Glaring Omission in Republican Debate: Why So Little Mention of Our Costly War?


Republican presidential hopefuls (L-R) former U.S. Senator Rick Santorum (R-PA), U.S. Rep. Michelle Bachmann (R-MN), former Speaker of the U.S. House of Representatives Newt Gingrich (R-GA), former Massachusetts Governor Mitt Romney, U.S. Rep. Ron Paul (R-TX), former Minnesota Governor Tim Pawlenty and former Godfather's Pizza CEO Herman Cain pose at the first New Hampshire debate of the 2012 campaign at St. Anslems College in Manchester, New Hampshire on June 13, 2011.

At 10 past 8 Monday evening, Michele Bachmann decided to separate herself from the six guys next to her on the stage by telling John King of CNN why she had come to St. Anselm College. It was the fifth anniversary of the day a young man from New Hampshire was killed in Afghanistan, but she made no mention of that. "John ... I just want to make an announcement," she said as the first big TV debate among Republican candidates for President began. "I filed today my paperwork to seek the office of the presidency of the United States ... So I wanted you to be the first to know."

Bachmann was trying to provide some contrast to her fellow candidates, the six men who looked as if they were about to be inducted into the local Rotary Club: smiling, amiable, eager to please and ready to drop the hammer at any given moment on Barack Obama for everything from unemployment to health care to same-sex marriage but unwilling to tackle the U.S.'s military engagement for the past 10 years. The crowd for the debate was middle-aged, white, patriotic and ready to roll for anyone who could convince them that competence could beat charisma in 2012. Moments before the TV light went on, an old guy with a white beard shouted, "Let's do the Pledge." The CNN floor producer asked, "You want to lead it?"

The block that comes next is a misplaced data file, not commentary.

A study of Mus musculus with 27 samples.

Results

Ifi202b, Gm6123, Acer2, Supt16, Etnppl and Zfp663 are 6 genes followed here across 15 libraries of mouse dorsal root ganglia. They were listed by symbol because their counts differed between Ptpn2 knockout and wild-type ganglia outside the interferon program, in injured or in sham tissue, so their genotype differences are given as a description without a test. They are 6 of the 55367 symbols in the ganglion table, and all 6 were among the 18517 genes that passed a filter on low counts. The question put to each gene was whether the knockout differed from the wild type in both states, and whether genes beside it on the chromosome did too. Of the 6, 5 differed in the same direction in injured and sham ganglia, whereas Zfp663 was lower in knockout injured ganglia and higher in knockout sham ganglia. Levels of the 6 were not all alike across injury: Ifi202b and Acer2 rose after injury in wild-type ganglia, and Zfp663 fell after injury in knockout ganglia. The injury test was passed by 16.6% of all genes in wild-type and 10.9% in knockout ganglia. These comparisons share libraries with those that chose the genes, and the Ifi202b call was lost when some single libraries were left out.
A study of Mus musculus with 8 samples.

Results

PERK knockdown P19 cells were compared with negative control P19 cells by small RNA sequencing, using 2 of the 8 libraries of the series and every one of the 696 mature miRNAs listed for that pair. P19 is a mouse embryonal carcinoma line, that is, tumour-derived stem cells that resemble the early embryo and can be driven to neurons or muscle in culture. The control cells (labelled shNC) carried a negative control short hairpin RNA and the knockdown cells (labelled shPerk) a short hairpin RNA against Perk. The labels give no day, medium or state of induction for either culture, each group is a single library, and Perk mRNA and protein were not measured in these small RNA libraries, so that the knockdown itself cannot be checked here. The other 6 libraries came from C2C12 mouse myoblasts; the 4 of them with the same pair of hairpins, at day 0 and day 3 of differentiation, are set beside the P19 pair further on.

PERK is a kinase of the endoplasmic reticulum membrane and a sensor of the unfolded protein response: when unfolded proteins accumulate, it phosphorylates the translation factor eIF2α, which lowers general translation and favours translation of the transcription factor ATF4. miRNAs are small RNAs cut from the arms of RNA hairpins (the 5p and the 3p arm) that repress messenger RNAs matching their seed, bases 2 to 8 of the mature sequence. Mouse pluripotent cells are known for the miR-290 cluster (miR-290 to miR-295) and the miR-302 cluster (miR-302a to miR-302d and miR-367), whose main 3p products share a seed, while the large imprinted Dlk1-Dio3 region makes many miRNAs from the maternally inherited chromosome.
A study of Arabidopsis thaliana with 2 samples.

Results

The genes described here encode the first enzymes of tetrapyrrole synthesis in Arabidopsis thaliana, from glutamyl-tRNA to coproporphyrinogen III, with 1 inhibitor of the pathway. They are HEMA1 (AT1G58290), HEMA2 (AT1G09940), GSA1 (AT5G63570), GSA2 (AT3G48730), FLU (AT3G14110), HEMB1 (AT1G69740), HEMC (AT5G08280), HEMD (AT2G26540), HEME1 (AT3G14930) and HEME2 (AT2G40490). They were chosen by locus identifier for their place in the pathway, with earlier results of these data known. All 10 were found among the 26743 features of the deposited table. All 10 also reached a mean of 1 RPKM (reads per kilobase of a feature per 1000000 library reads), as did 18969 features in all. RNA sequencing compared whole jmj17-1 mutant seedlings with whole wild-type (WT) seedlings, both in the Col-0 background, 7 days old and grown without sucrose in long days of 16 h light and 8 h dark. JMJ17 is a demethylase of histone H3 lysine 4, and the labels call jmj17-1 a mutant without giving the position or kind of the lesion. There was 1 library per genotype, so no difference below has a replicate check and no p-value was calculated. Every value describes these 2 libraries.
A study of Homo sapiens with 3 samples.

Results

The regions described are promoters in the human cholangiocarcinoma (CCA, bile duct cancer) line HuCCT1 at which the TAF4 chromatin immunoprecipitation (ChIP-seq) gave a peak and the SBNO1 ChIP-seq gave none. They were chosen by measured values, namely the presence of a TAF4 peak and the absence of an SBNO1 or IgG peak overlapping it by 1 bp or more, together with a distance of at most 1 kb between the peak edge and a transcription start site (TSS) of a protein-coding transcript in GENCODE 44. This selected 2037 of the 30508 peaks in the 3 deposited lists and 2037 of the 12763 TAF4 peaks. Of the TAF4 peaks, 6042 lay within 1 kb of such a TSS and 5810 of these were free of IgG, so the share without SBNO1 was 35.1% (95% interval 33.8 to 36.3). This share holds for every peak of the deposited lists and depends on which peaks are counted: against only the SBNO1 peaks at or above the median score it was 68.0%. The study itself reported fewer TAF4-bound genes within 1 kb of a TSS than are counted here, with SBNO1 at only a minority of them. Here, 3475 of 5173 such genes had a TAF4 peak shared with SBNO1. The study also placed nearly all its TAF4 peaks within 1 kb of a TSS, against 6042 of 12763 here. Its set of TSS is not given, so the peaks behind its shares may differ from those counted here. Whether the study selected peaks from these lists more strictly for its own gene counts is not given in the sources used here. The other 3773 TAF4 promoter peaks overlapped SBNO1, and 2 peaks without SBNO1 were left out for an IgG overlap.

"Yeah," the old guy said. And he did. The crowd stood, hands over hearts, reciting the Pledge of Allegiance to great applause.

It wasn't until about an hour and a half in, after Romney gave everyone an update on the Bruins game, that the candidates had to turn to that sticky subject of war, when a retired Navy man with three sons serving asked if it was time to start withdrawing from Afghanistan. "It's time for us to bring our troops home as soon as we possibly can, consistent with the word that comes to our generals that we can hand the country over to the Taliban military in a way that they're able to defend themselves," Romney said. As he said "Taliban military," the camera cut to someone in the audience in military dress, who winced. Romney corrected his mistake, but the deed was done. To rub it in, Paul followed Romney by saying, "I wouldn't wait for my generals. I'm the Commander in Chief."

New Hampshire is not that different from the 49 other states. Anxiety and apprehension fill the air. Confidence in the country is shaky as people pay more than $4 a gal. for gas, listen to news about staggering debt, watch home prices and wages wallow in the shadow of what sure seems like a double dip or, at least, a never ending recession. In the morning, traffic on I-93 South toward Boston resembles the highway from Baghdad to Kuwait as thousands of New Hampshire residents head to jobs in Massachusetts.

Our exhausted nation has been at war for 10 years. Twenty-three residents of New Hampshire have been killed in Iraq, 13 others in Afghanistan. Hundreds have been wounded, physically as well as psychically, and require costly care. As the candidates tried to please the crowd in St. Anselm with hockey scores, 20 miles (32 km) away, on Route 114 near Henniker, there was a sign dedicating a bridge to the memory of Sergeant Russell M. Durgin, 10th Mountain Division, United States Army. Although he grew up in Henniker, he won't be voting in the Republican primary. He was killed in the Korengal Valley, Kunar province, Afghanistan, on June 13, 2006, at the age of 23.